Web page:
Taiwan’s first locally built satellite has been launched into space, in what some analysts said could be a boost for the island’s surveillance capabilities as well as its efforts to capture a slice of the burgeoning global space technology sector.
The Formosat-5 rode on a Falcon 9 rocket owned by private spaceflight company SpaceX, which blasted off from Vandenberg Air Force Base, California, on Thursday.
The NT$5.65 billion (S$254 million), 450kg mini-satellite, which will be used to collect data to evaluate the impact of natural disasters and monitor environmental changes on Earth, was designed and built from scratch by scientists and engineers from Taiwan’s National Space Organisation.
It will be in orbit for the next five years, just like its predecessor, Formosat-2, which was decommissioned last year after 12 years, during which it mapped a series of major disasters in parts of Asia and Africa.
A top official of the Central Weather Bureau likened the Formosat-5 to a “giant digital camera” able to take clear images of Earth.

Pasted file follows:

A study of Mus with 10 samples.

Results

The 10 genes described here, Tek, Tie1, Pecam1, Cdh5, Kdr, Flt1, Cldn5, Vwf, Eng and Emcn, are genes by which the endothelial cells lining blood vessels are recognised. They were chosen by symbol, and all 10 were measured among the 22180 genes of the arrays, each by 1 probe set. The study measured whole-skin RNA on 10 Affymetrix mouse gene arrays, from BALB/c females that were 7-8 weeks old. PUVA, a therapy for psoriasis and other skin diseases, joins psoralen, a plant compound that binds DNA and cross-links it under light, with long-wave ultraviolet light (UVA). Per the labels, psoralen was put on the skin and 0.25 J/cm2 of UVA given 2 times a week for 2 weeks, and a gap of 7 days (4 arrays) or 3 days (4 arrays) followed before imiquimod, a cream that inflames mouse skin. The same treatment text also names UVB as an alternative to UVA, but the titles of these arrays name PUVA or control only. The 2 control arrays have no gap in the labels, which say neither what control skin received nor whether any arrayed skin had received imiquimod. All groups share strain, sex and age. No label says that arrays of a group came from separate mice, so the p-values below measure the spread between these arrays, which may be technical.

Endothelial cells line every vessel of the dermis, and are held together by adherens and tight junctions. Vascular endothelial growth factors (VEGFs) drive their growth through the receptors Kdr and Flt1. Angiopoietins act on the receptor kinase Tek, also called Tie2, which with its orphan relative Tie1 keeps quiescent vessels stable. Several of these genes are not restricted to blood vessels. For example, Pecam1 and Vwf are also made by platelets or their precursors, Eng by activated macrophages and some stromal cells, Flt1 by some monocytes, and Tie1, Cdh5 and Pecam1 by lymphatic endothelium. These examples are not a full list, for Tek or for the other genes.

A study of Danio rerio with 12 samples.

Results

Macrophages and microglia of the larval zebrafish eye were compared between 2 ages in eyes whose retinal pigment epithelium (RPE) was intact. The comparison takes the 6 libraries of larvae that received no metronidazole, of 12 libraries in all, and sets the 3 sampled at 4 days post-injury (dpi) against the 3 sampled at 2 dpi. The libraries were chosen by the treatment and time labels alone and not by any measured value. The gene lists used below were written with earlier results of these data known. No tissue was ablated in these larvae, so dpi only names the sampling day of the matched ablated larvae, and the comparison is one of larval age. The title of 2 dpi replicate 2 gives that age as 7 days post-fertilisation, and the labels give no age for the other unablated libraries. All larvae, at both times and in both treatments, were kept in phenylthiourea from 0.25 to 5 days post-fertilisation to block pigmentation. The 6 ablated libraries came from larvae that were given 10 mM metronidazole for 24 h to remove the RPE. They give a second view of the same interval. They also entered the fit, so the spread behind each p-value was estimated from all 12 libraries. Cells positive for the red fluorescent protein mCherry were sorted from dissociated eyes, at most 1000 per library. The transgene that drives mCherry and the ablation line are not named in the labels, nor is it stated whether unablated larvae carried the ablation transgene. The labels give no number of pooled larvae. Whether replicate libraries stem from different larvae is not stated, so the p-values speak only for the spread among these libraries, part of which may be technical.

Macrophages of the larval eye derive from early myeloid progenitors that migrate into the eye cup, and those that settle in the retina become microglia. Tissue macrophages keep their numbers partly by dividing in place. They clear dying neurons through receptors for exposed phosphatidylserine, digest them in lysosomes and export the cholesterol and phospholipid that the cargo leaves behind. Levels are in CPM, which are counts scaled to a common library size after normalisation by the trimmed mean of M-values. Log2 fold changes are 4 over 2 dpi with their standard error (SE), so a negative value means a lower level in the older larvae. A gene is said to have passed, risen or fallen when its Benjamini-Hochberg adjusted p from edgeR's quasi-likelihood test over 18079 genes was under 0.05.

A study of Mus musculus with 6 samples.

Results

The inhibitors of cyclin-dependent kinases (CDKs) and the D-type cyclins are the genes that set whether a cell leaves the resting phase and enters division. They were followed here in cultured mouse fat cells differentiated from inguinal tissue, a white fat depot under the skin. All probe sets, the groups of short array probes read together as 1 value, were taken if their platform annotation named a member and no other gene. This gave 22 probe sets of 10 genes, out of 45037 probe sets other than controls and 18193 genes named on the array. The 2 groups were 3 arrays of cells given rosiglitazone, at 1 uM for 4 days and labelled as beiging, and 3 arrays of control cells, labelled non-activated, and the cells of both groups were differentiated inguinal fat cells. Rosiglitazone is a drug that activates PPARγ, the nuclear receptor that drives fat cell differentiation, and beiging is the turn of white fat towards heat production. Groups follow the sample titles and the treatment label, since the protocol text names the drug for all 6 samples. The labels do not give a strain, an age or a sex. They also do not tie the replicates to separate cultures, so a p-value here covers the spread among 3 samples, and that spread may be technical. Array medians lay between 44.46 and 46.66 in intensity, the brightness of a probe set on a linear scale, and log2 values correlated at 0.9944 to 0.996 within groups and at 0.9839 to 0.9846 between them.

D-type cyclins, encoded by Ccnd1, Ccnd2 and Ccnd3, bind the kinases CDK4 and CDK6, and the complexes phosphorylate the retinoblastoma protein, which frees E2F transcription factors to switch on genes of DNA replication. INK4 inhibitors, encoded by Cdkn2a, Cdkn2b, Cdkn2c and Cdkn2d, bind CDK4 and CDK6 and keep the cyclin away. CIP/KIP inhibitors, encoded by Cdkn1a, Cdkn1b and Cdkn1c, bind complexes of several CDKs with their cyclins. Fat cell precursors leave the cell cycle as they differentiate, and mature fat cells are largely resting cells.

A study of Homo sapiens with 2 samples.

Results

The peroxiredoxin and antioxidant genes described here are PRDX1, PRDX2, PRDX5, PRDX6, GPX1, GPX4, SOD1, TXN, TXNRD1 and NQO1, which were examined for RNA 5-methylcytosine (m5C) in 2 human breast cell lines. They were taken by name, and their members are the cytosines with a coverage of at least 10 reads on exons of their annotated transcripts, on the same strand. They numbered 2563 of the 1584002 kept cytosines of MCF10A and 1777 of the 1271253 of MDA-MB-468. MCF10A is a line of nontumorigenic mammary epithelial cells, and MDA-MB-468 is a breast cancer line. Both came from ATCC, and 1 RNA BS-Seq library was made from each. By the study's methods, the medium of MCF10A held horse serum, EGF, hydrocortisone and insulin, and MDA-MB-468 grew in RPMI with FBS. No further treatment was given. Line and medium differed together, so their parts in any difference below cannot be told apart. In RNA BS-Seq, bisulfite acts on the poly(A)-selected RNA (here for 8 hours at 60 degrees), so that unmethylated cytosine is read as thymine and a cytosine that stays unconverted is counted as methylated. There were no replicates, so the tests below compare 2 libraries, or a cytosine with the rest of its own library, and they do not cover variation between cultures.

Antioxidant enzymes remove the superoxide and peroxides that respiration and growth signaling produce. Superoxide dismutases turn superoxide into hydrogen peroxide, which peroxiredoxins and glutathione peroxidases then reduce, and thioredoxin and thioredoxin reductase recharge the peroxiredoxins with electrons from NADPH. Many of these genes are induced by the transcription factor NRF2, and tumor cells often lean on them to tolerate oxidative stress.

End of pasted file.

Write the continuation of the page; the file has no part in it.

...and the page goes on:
The head of the bureau’s Weather Information Centre, Mr Cheng Chia-ping, said it could record changes before and after an earthquake or a typhoon, relay images of events such as flooding, landslides and mudslides, allowing for faster and better informed disaster prevention and response.
But some analysts said there could also be scope for military applications.
Tamkang University national security expert Alexander Huang said while the Formosat-5 was not designed as a spy satellite, the images collected might help the military with its surveillance operations
“Besides civilian and peaceful purposes, we cannot exclude the possibility of military applications,” said Dr Huang.
In a video clip, President Tsai Ing-wen said the successful launch represented a “big leap” in Taiwan’s space technology and urged scientists to continue working to make more breakthroughs.
Earlier, in a Facebook post on Thursday, Ms Tsai said the launch “carried the skills and dreams of the Taiwanese people”.
Formosat-5 is seen as the first tentative steps by Taiwan to venture into the global space technology sector which, according to the United States-based research organisation Space Foundation, was worth US$314 billion (S$426 billion) in 2013.
Taiwan’s Central News Agency quoted American Institute in Taiwan chairman James Moriarty as saying yesterday’s successful launch could present the possibility of future scientific collaborations between Taiwan and the US.